Apollo 11 astronaut Michael Collins dies at 90

Apollo 11 astronaut Michael Collins dies at 90

Collins’s family posted a statement to his Twitter page on Wednesday announcing the astronaut's death and commemorating his life.

“We regret to share that our beloved father and grandfather passed away today, after a valiant battle with cancer,” Collins’s family said in the statement. “He spent his final days peacefully, with his family by his side. Mike always faced the challenges of life with grace and humility, and faced this, his final challenge, in the same way.”


President Joe BidenJoe Biden White House: US has donated 200 million COVID-19 vaccines around the world Police recommend charges against four over Sinema bathroom protest K Street revenues boom MORE shortly afterward issued a statement on Collins' death, saying he lived his life serving his country. 

"Michael Collins lived a life of service to our country. From his time in the Air Force, to his career with NASA, to his service at the State Department, to his leadership of the Smithsonian National Air and Space Museum; Michael Collins both wrote and helped tell the story of our nation’s remarkable accomplishments in space." Biden said in his statement.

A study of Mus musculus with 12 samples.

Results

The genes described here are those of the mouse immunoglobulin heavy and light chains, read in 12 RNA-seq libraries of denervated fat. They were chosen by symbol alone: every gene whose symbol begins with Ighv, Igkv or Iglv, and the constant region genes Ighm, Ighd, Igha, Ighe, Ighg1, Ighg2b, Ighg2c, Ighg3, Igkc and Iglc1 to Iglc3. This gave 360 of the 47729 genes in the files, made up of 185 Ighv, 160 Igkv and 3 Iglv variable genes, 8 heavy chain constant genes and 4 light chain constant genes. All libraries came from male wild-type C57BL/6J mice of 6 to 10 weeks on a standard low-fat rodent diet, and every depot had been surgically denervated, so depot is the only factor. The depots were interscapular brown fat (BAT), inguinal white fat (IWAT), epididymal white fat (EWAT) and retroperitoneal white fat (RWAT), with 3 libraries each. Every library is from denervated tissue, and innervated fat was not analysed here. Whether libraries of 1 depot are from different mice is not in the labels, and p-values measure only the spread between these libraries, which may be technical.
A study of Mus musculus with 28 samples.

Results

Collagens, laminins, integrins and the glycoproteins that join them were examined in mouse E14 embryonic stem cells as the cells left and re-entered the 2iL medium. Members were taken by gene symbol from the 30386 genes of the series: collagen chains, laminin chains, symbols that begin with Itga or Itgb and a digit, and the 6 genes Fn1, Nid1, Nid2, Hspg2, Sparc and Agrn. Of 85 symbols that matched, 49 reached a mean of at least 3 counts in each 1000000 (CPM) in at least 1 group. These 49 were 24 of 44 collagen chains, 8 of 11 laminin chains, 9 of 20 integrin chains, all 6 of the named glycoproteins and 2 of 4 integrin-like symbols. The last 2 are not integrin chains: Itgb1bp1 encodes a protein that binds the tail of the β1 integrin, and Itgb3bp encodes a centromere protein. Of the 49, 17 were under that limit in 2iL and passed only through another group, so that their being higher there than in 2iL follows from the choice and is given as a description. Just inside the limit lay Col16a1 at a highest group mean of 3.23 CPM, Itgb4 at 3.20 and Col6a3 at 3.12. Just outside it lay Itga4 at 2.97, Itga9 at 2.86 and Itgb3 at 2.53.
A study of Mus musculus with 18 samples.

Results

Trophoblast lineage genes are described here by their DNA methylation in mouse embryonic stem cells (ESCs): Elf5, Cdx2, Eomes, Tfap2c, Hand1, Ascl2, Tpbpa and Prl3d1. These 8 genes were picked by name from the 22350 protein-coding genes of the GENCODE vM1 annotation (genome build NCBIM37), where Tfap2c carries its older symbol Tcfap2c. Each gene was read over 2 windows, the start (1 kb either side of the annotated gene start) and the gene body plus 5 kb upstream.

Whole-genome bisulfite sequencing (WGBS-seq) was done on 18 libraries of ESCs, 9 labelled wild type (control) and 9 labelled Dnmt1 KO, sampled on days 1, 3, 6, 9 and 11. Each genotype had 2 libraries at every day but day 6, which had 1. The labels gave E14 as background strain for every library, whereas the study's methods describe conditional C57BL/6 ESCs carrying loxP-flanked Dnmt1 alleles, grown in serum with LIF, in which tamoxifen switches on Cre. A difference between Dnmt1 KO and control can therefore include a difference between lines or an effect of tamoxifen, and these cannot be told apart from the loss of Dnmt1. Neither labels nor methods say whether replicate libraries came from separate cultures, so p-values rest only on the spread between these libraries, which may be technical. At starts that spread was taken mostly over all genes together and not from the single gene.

"Our prayers are with General Collins’ family. Godspeed, Mike."

Often known as the “forgotten astronaut,” Collins was the command module pilot for the 1969 lunar mission but did not step foot on the moon like his other crew members Neil Armstrong and Buzz Aldrin.

He was born in Rome, Italy, where his dad was a military general for the U.S Army. Collins would go on to graduate from West Point and later become a test pilot for the Air Force.

Collins became an astronaut with NASA in 1963 and his first flight happened with the Gemini 10 three years later. After Apollo 11, Collins retired from NASA in 1970 and wrote several books about his time being an astronaut.

He later worked at the State Department before becoming director of the Smithsonian National Air and Space Museum in Washington, D.C., in the 1970s.

NASA praised Collins in a statement Wednesday, saying he "inspired generations and his legacy propels us further into the cosmos."